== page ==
My favorite books include some of the classics.  In particular George Eliot's "Middlemarch" is one of my all-time favorites.  I also like Emily Brontë's "Wuthering Heights."

My modern era and contemporary favorites include Don DeLillo's "White Noise" and Jayne Anne Phillips' "Black Tickets." 



Old Man and the Sea coming in at just 100 odd pages is a prime example of Hemingway's style.


Something like Harry Potter, romance or adventure novels, or the like.

The language is usually good but not too intricate, and the plots are interesting and keep you reading even if you don't get every little nuance.


The funny pages count. Semantically speaking, there can be no 'comic book' without 'book'.  :grin:




Old Man and the Sea coming in at just 100 odd pages is a prime example of Hemingway's style.

YES!!

I love Hemingway and The Old Man and the Sea is one of my favorite novels. Hemingway novels all have a fantastic flow to them and are rather easy reads although also have such deep inner meanings. I;m glad you mentioned this, I knew I wasn't the only one who liked The Old Man and the Sea.


I love Hemingway and The Old Man and the Sea is one of my favorite novels. Hemingway novels all have a fantastic flow to them and are rather easy reads although also have such deep inner meanings. I;m glad you mentioned this, I knew I wasn't the only one who liked The Old Man and the Sea.

The book isn't without its flaws though. Some of the fisherman's thoughts seem more like the author's than the characters. The description of fishing techniques though essential to the plot, can be a bit excessive at times.

Still a good book though, just not a great one. I'll still recommend it freely to everyone for the writing style used though.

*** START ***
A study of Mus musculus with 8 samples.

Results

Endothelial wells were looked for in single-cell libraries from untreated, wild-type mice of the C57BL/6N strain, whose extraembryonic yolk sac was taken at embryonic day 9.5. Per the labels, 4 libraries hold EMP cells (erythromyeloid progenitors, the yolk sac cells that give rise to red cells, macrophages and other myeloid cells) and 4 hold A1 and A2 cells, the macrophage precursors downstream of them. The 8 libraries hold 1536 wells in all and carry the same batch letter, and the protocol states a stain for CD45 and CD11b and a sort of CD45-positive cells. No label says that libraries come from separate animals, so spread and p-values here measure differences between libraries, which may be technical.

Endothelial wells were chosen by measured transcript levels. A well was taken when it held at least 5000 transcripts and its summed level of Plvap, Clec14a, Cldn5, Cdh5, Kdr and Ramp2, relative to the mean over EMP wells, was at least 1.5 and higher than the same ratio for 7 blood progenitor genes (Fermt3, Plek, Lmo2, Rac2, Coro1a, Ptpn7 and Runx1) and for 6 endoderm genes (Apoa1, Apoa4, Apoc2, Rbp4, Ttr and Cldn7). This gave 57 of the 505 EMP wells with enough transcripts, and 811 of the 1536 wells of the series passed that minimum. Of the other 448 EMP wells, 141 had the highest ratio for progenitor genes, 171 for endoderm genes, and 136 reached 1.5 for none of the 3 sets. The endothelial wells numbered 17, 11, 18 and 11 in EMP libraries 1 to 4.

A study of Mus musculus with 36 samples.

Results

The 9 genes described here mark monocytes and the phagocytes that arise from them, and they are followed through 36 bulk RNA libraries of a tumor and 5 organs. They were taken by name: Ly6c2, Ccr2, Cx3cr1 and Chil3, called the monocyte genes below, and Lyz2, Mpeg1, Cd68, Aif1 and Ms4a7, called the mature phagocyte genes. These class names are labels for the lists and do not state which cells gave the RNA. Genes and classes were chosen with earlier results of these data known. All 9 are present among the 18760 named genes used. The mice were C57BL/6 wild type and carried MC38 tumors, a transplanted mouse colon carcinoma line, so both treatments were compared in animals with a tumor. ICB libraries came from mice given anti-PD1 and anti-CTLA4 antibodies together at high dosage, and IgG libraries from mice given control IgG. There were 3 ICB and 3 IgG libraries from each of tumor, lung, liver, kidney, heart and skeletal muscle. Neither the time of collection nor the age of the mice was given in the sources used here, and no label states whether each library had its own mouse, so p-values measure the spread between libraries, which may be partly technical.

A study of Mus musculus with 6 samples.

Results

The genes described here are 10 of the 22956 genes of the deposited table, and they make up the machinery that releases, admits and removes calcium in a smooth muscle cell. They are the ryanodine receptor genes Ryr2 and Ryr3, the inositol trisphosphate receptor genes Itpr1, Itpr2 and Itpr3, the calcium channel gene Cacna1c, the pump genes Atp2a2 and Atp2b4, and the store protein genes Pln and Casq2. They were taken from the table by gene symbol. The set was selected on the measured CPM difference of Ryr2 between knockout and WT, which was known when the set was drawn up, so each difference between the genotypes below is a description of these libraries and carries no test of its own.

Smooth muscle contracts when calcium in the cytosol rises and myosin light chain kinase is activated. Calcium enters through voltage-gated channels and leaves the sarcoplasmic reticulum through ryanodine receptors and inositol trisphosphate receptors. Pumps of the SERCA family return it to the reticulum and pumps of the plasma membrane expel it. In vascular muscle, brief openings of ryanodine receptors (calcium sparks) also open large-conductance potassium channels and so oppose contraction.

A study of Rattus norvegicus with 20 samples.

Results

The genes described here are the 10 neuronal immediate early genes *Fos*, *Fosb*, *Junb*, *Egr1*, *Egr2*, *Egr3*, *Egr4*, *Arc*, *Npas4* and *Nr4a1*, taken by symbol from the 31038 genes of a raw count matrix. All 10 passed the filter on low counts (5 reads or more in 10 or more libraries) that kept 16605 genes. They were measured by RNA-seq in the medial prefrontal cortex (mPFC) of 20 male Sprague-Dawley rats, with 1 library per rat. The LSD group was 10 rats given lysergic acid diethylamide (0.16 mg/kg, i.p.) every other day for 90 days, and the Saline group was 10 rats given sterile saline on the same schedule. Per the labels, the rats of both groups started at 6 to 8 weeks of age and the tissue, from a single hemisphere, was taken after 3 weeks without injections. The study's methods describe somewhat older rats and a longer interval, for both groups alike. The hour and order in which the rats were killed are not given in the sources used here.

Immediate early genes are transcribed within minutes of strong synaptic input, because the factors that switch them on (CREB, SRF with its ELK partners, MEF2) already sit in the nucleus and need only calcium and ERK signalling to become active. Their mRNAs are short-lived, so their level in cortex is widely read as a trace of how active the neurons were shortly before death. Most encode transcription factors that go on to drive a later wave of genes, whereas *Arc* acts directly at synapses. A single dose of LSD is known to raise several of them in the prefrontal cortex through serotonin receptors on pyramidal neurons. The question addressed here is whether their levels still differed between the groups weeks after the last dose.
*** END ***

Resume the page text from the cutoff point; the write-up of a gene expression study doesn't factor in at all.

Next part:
Comic books are as much "books" as any classic literary novel! So you like reading comics, that definitely counts. :)


Yes, I agree.  I've been reading comic books since I was a child.  And as an adult, I've also read graphic novels.  I think comic books and/or graphic novels would be a great way to improve one's language skills. 

And also, I think the lines are quite blurred these days with the popularity of graphic novels, which some might still call "comic books."  There are some graphic novels that are widely considered to be literary masterpieces.  An example that comes to mind is "Maus" by Art Spiegelman, which is based on his own experience as a Holocaust survivor.



But tha fact that many of these books will never be translated makes me sad, because even if I had the chance to read them I won't be able to share with many of my friends.




You can find many books edited specially for non-native speaker but this is not the best way to assimilate a language and use it like if it were you mother tongue.

Reading and English book released for an English speaking audience could be harder to read, but in the long run will provide many personal satisfactions once you are done with the reading.

I would suggest a visit to the Gutenberg Project to find a reading of your preference, http://www.gutenberg.org/


I love reading the latest books because it's contemporary and it shows me how English is currently used.  I love reading classics as well, but sometimes, they are too conventional that they make me fall asleep.  Bestsellers are modern and it makes me more excited to keep on reading.



I'd also suggest stories by Shel Silverstein, Mercer Mayer, Neil Gaiman, and Roald Dahl.




I'll move away from the classics for a second and say HARRY POTTER! I adore HP, and I read the books in my native language, Portuguese, and then in English. Being called a "children's book", for some reason in the translations they also translated the names of the characters, which I hate. So reading them in English was great cause it was all in its original writing.